In my immigration post yesterday (need I remind you that I generally consider myself a supporter of reform?), I predicted that administration "surrogates [will] attempt to cite reams of precedent to demonstrate how Obama's de facto mass legalization of millions of illegal immigrant adults is really a non-story." Other presidents have used executive orders to impact immigration policy, they'd argue, deliberately ignoring questions of scope, intention and implication. Bullseye. Over to you, Senate Democrats:
Every President since Eisenhower has taken exec action on immigration – 11 Presidents acting on 39 different occasions over past 60 years.— Senate Democrats (@SenateDems) November 17, 2014
But even officially partisan Democrats couldn't match the efforts of their allies in the mainstream media. The Associated Press published a "report" that could easily have been concocted in the basement of the DNC:
Two presidents have acted unilaterally on immigration - and both were Republican. Ronald Reagan and his successor George H.W. Bush extended amnesty to family members who were not covered by the last major overhaul of immigration law in 1986. Neither faced the political uproar widely anticipated if and when President Barack Obama uses his executive authority to protect millions of immigrants from deportation. Reagan's and Bush's actions were conducted in the wake of a sweeping, bipartisan immigration overhaul and at a time when "amnesty" was not a dirty word. Obama is acting as the country - and Washington - are bitterly divided over a broken immigration system and what to do about 11 million people living in the U.S. illegally. Obama wants to extend protection from deportation to millions of immigrant parents and spouses of U.S. citizens and permanent residents, and expand his 2-year-old program that shields immigrants brought illegally to this country as children. A tea party-influenced GOP is poised to erupt, if and when Obama follows through on his promise.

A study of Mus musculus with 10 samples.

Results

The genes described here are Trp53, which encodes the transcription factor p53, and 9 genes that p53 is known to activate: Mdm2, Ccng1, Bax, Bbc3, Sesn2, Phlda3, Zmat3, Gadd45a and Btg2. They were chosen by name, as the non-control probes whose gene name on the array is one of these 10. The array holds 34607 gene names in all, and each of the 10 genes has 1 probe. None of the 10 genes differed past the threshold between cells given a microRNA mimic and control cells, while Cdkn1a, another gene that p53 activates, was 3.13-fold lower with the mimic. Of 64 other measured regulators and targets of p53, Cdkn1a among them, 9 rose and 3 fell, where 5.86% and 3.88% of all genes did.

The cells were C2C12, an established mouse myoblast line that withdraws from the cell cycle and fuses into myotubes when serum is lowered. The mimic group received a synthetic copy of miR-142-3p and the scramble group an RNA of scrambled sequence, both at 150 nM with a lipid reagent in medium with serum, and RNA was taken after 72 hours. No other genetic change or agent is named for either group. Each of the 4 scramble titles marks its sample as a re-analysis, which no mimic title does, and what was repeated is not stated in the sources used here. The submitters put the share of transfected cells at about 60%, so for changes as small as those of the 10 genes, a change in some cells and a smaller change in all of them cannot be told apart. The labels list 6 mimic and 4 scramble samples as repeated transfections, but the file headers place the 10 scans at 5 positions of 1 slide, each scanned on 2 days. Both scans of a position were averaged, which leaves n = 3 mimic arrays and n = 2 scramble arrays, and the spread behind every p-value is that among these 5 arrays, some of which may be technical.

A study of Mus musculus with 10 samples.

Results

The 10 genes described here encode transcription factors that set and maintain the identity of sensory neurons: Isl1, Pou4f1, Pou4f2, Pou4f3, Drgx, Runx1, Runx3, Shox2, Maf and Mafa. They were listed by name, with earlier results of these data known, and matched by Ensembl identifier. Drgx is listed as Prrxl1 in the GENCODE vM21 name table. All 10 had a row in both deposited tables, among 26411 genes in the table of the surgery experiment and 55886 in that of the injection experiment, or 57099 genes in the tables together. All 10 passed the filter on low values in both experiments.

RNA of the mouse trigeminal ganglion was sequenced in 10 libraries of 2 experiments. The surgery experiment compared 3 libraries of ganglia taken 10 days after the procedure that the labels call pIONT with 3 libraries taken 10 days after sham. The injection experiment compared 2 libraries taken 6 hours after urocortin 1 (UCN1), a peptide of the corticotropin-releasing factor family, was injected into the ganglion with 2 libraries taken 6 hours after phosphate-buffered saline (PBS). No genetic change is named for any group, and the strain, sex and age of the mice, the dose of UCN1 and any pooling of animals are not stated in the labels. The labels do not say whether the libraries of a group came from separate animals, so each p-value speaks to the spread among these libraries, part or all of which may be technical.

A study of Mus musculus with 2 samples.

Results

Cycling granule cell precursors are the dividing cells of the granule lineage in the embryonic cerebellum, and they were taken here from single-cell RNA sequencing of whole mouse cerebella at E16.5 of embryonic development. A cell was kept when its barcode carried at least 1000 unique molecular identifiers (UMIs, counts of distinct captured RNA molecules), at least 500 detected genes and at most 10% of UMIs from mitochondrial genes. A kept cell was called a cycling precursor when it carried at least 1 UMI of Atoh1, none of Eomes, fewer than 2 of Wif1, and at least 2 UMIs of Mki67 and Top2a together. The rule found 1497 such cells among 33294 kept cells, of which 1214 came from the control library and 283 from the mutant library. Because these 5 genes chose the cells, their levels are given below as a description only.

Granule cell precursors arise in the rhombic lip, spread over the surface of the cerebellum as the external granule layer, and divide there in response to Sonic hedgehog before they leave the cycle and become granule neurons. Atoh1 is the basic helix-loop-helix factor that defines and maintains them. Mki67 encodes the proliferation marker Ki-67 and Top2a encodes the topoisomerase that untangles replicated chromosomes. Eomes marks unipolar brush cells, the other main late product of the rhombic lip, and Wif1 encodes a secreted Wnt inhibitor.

Republicans have done this, too you guys, and nobody made a peep back then. But now the Tea Party GOP is gearing up to explode just because Obama's keeping a promise. Nice work. The piece goes on to list several executive actions on immigration from the 1980's and 90's, the most significant of which were efforts to manage the implementation and enforcement of major immigration legislation passed by Congress and signed by President Reagan. Let's return to Ross Douthat's New York Times column we cited yesterday. He succinctly explains the key differences between previous presidential orders and what Obama is expected to announce:
The reality is there is no agreed-upon limit to the scope of prosecutorial discretion in immigration law because no president has attempted anything remotely like what Obama is contemplating. In past cases, presidents used the powers he’s invoking to grant work permits to modest, clearly defined populations facing some obvious impediment (war, persecution, natural disaster) to returning home. None of those moves even approached this plan’s scale, none attempted to transform a major public policy debate, and none were deployed as blackmail against a Congress unwilling to work the president’s will.
And again, Douthat makes the politically relevant point that Obama's impending amnesty move was hotly debated during the recent election cycle, in which the opposition party won a resounding victory -- a repudiation of the president's leadership. Obama is forging ahead as if the country just validated his agenda. Back in reality, the country has been asked about the president's specific proposal, and the verdict ain't pretty for the White House. Many headlines in the wake of Obama's post-election press conference featured the president's statement to voters: "I hear you." The context of that presser and his subsequent actions practically scream, "but I'm not listening." Finally, I might just go ahead and embed this clip in every single immigration/executive order post that I write for the remainder of this administration:
Oh, and one last related note. Oregon's deep blue electorate -- which re-elected a scandal-plagued Democratic governor this month, following one of the most catastrophic state-level policy failures in history, and increased his Democratic majorities -- also voted to repeal a law granting drivers licenses to illegal immigrants. By a two-to-one margin. And despite supporters of the rejected provision massively outspending the other side. The political winds are still a-blowin', Democrats.